One of the most unexpected sights in Downtown Cleveland is, without a doubt, a cemetery right across the street from Progressive Field. Its existence alone is somewhat spooky… after all, who expects to encounter a historic cemetery in the heart of a bustling city? What’s spookier still is the local lore that exists around this cemetery. According to some, Erie Street Cemetery is one of the most haunted cemeteries in Cleveland. Pay it a visit… if you dare!
Erie Street Cemetery is the city's oldest standing cemetery, and a great deal of history rests in its hallowed ground.
In 1826, this charming cemetery was established on East 9th Street, though it was known as Erie Street at the time. Before then, a community burial ground was maintained near modern-day Public Square.
The cemetery may seem out of place in the heart of a bustling city, but it was actually on the edge of the community at the time of its founding.
Expansion, of course, eventually caught up with the cemetery, and it's now right across the street from Progressive Field. This growth once threatened the cemetery's existence, as bodies were removed from the cemetery in the early 1900s to make space for new development. This preparation was shut down when the Pioneers' Memorial Association was founded, so the burial ground remains, yet it now feels oddly out of place.
These grounds are the eternal resting place of some of Cleveland's earliest residents, as well as some of the most significant early settlers.
Lorenzo Carter, the first permanent white settler in Cleveland, is buried here. So, too, is John W. Willey, Cleveland's first mayor. Leonard Case, Jr., whose name you may recognize from the Case Institute of Technology, was also laid to rest at this historic site.
The grounds are also an enduring source of local legend.
Over the years, bodies were moved from the cemetery to Highland Park Cemetery in preparation for impending development. Some were moved to Lake View Cemetery as it grew in prominence. It's also true that remains were moved from other cemeteries
into this historical site. With so much digging, it's no wonder slumbering souls grew restless... or, rather, that local residents' interests were piqued.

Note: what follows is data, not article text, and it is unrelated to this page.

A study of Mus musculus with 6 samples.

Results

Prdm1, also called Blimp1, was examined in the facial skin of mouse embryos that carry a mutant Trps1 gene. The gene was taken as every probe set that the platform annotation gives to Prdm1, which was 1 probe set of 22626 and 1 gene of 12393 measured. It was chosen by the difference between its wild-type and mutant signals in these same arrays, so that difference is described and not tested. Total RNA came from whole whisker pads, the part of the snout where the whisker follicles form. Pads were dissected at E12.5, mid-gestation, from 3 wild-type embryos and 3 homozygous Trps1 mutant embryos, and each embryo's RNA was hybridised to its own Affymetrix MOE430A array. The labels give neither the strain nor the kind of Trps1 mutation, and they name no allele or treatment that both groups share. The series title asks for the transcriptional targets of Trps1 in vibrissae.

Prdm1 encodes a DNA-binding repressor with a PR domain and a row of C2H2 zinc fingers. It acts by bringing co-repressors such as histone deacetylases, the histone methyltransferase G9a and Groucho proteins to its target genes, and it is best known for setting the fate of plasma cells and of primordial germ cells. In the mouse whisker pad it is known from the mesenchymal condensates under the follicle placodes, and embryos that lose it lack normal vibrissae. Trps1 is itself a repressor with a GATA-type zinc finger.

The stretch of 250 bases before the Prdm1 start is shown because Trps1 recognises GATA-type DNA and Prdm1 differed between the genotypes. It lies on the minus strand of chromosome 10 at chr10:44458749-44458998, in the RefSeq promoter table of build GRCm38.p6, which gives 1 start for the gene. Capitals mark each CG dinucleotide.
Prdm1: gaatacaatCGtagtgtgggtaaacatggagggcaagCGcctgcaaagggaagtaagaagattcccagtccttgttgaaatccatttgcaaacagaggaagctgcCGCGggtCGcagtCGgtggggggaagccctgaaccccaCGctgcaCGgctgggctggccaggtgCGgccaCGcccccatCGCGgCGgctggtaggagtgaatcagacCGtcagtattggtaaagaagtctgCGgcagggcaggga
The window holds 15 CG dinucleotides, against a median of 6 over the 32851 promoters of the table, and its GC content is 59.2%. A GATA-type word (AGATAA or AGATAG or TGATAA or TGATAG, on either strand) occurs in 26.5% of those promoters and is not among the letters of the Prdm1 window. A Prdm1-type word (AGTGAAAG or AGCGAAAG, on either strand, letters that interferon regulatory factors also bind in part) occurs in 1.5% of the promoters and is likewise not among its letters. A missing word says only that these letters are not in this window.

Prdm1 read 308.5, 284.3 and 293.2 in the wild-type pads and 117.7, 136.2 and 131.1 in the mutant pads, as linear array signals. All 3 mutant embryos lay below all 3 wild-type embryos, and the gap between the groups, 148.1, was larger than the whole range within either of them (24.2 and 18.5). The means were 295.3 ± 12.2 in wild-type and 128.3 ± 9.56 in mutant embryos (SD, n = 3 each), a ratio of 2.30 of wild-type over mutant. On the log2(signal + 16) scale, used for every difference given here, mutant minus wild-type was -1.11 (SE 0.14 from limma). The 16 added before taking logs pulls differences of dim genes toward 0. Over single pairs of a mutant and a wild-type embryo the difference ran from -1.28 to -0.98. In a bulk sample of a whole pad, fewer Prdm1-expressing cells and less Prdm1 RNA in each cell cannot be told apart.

Perhaps one of the most unforgettable stories is that of Joc-O-Sot.
Also known as Walking Bear, Joc-O-Sot was the proud Chief of the Mesquakie, a tribe that existed in Iowa. Following the conclusion of the Black Hawk War, Jo-O-Sot came out east to hunt. He made the acquaintance of Dan Marble and joined his theater troupe, traveled to England, and even came into the favor of Queen Victoria. However, he fell ill and parted ways with the troupe.
Legend maintains that Joc-O-Sot was making his way home to his ancestral lands, anticipating his demise, but that he passed in Cleveland before he reached his intended destination.
As a result, local myth maintains, Joc-O-Sot remains eternally restless. His local friends, like Dr. Horace Ackley, arranged for his burial in Erie Street Cemetery. His dismay at being unable to return home caused him to crack his stone grave marker. He found further dissatisfaction with the Cleveland Indians' portrayal of indigenous culture and is said to have come to haunt Progressive Field across the street.
One version of the story maintains that vandals attacked the grave after being hexed by Chief Thunderwater.
Driven to insanity, these poor, hexed souls lashed out and cracked Joc-O-Sot's headstone. Interestingly, local legend maintains that Chief Thunderwater was the inspiration for Chief Wahoo.
Though the spooky cemetery feels barren, it is home to somewhere between 8,000 and 18,000 interments. Perhaps the large number of unmarked graves are contributing to the purported hauntings.
Various sources offer a different number of presumed eternal residents in the cemetery, but there is no doubt that several thousand people are buried in this relatively small 8.9-acre lot. Perhaps the woman in white (an enduring symbol throughout American folklore) that is seen at this site actually rests in one of the cemetery's unmarked graves. Perhaps she is a restless former resident of Cleveland's first burial ground that was relocated to this cemetery. Or, perhaps she's just another character in an elaborate local legend...
Whether or not you choose to believe the legends of Erie Street Cemetery it maintains an eerie quality to it.
With a number of burial sites that are nearly two centuries old, this lot in Downtown Cleveland has a great deal of history hiding behind its grand, gothic gate. Its aged mausoleums and headstones have a spooky sense, and many are discolored following exposure to the pollution caused by former industry. Some have been vandalized, and other gravesites have been forgotten.
It's remarkable that such a cemetery has intrigued local imaginations for so long, and that it has remained in place despite the encroachment of the modern world.
A great deal of history remains in this fascinating cemetery to this day, but perhaps its most significant role in local culture is as a setting for local legend.
Address: 2254 E 9th Street, Cleveland, OH, 44115
Local legend maintains that Erie Street Cemetery is one of the most haunted cemeteries in Cleveland. While the validity of these claims is up for debate—after all, it is just a local legend—the history of this fantastic urban burial ground is undeniable. Have you heard any tales of Erie Street Cemetery?